Thanks for your interest in making Metasploit -- and therefore, the world -- a better place! Before you get started, review our Code of Conduct. There are mutliple ways to help beyond just writing code:
- Submit bugs and feature requests with detailed information about your issue or idea.
- Help fellow users with open issues or [help fellow committers test recent pull requests].
- Report a security vulnerability in Metasploit itself to Rapid7.
- Submit an updated or brand new module! We are always eager for exploits, scanners, and new integrations or features. Don't know where to start? Set up a development environment, then head over to ExploitDB to look for proof-of-concept exploits that might make a good module.
Here's a short list of do's and don'ts to make sure your valuable contributions actually make it into Metasploit's master branch. If you do not care to follow these rules, your contribution will be closed. Sorry!
- Do stick to the Ruby style guide and use Rubocop to find common style issues.
- Do follow the 50/72 rule for Git commit messages.
- Do license your code as BSD 3-clause, BSD 2-clause, or MIT.
- Do create a topic branch to work on instead of working directly on
masterto preserve the history of your pull request. See PR#8000 for an example of losing commit history as soon as you update your own master branch.
- Do target your pull request to the master branch.
- Do specify a descriptive title to make searching for your pull request easier.
- Do include console output, especially for witnessable effects in
- Do list verification steps so your code is testable.
- Do reference associated issues in your pull request description.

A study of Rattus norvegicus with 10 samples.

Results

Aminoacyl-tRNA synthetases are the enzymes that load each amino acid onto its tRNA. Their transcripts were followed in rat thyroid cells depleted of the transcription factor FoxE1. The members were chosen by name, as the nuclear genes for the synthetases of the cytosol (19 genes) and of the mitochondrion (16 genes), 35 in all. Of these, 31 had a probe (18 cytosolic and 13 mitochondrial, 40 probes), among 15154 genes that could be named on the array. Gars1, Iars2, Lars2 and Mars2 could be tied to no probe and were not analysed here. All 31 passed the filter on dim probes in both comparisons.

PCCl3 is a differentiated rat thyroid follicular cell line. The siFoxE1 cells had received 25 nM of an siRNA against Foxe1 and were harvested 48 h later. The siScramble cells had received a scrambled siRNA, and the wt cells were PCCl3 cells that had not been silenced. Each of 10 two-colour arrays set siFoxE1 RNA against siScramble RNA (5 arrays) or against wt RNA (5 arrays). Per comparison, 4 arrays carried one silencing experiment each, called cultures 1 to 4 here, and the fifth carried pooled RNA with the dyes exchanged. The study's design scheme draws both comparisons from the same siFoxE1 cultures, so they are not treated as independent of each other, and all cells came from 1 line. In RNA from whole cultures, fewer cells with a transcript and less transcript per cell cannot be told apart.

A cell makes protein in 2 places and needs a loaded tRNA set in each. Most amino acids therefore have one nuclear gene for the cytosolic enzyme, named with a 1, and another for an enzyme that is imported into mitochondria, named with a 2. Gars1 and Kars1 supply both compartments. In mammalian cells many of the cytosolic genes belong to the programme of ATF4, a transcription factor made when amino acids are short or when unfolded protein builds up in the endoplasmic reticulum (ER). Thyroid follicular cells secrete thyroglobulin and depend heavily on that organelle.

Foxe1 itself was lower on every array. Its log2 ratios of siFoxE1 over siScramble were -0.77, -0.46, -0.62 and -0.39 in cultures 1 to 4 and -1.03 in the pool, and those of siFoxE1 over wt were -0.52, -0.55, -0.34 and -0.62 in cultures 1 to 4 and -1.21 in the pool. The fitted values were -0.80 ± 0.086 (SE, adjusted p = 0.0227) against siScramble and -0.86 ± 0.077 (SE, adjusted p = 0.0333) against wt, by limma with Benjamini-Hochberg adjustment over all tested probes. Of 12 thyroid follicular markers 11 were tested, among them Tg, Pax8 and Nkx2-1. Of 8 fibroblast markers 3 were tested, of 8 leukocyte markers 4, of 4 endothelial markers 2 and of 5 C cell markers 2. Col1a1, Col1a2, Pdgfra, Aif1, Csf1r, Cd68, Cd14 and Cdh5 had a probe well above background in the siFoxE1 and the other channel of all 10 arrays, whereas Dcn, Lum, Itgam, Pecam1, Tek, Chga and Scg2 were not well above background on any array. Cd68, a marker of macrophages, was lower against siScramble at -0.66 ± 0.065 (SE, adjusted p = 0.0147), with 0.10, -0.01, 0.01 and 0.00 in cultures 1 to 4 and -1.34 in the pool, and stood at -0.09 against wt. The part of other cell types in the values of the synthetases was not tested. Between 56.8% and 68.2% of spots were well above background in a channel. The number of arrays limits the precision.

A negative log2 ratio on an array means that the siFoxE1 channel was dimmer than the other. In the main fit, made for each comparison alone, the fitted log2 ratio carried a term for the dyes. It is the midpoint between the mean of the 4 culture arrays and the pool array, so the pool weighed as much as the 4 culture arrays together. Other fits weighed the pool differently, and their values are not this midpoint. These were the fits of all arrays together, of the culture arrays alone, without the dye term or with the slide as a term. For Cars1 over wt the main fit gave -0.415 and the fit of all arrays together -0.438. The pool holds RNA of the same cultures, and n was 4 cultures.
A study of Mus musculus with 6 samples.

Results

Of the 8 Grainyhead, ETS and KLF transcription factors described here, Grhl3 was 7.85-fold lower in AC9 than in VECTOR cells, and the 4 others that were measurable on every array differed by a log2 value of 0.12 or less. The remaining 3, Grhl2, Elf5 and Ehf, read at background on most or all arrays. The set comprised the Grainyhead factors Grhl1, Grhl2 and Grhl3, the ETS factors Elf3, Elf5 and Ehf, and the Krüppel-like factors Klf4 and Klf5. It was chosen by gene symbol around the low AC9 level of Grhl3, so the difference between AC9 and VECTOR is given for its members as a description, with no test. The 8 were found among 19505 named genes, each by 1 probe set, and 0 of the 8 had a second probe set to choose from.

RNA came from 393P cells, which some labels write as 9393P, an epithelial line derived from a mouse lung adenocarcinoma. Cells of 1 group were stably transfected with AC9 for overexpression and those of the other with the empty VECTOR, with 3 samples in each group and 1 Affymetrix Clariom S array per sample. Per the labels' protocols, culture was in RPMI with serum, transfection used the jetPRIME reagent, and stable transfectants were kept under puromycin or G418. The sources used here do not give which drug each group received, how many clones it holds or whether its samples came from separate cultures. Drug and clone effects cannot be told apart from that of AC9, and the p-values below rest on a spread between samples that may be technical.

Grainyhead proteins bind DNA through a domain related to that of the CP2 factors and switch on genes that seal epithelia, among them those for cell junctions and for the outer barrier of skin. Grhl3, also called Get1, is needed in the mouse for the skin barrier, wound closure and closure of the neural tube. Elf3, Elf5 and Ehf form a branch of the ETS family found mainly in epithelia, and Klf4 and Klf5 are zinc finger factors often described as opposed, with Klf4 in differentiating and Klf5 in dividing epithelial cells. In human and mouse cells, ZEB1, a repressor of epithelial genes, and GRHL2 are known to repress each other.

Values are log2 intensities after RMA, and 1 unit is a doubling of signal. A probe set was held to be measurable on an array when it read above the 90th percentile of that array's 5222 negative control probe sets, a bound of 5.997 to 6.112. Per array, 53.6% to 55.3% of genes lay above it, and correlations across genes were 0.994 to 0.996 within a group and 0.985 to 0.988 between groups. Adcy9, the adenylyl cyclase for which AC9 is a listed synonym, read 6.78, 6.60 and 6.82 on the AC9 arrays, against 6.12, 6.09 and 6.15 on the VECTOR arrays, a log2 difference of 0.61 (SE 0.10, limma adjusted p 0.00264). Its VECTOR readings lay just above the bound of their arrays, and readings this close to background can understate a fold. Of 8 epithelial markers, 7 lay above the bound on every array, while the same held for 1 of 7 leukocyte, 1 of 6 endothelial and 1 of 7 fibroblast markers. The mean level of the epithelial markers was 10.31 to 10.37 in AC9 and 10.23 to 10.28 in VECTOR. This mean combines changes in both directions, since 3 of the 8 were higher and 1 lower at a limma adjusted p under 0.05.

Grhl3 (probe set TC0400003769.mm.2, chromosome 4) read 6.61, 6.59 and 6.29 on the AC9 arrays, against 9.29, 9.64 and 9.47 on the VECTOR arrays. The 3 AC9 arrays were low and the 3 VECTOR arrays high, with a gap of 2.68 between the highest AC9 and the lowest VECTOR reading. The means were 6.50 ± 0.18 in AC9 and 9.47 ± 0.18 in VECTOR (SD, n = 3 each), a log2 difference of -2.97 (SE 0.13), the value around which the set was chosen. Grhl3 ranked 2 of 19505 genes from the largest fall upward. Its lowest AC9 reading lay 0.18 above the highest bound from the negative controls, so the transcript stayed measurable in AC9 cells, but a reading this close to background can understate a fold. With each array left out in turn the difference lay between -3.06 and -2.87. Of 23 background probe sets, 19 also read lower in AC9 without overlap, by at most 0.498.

- Don't leave your pull request description blank.
- Don't abandon your pull request. Being responsive helps us land your code faster.
Pull request PR#9966 is a good example to follow.
- Do set up
msftidyto fix any errors or warnings that come up as a pre-commit hook.
- Do use the many module mixin APIs.
- Don't include more than one module per pull request.
- Do include instructions on how to setup the vulnerable environment or software.
- Do include Module Documentation showing sample run-throughs.
- Don't submit new scripts. Scripts are shipped as examples for automating local tasks, and anything "serious" can be done with post modules and local exploits.
- Do write RSpec tests - even the smallest change in a library can break existing code.
- Do follow Better Specs - it's like the style guide for specs.
- Do write YARD documentation - this makes it easier for people to use your code.
- Don't fix a lot of things in one pull request. Small fixes are easier to validate.
- Do include reproduction steps in the form of verification steps.
- Do link to any corresponding Issues in the format of
See #1234in your commit description.
When reporting Metasploit issues:
- Do write a detailed description of your bug and use a descriptive title.
- Do include reproduction steps, stack traces, and anything that might help us fix your bug.
- Don't file duplicate reports; search for your bug before filing a new report.
Finally, thank you for taking the few moments to read this far! You're already way ahead of the curve, so keep it up!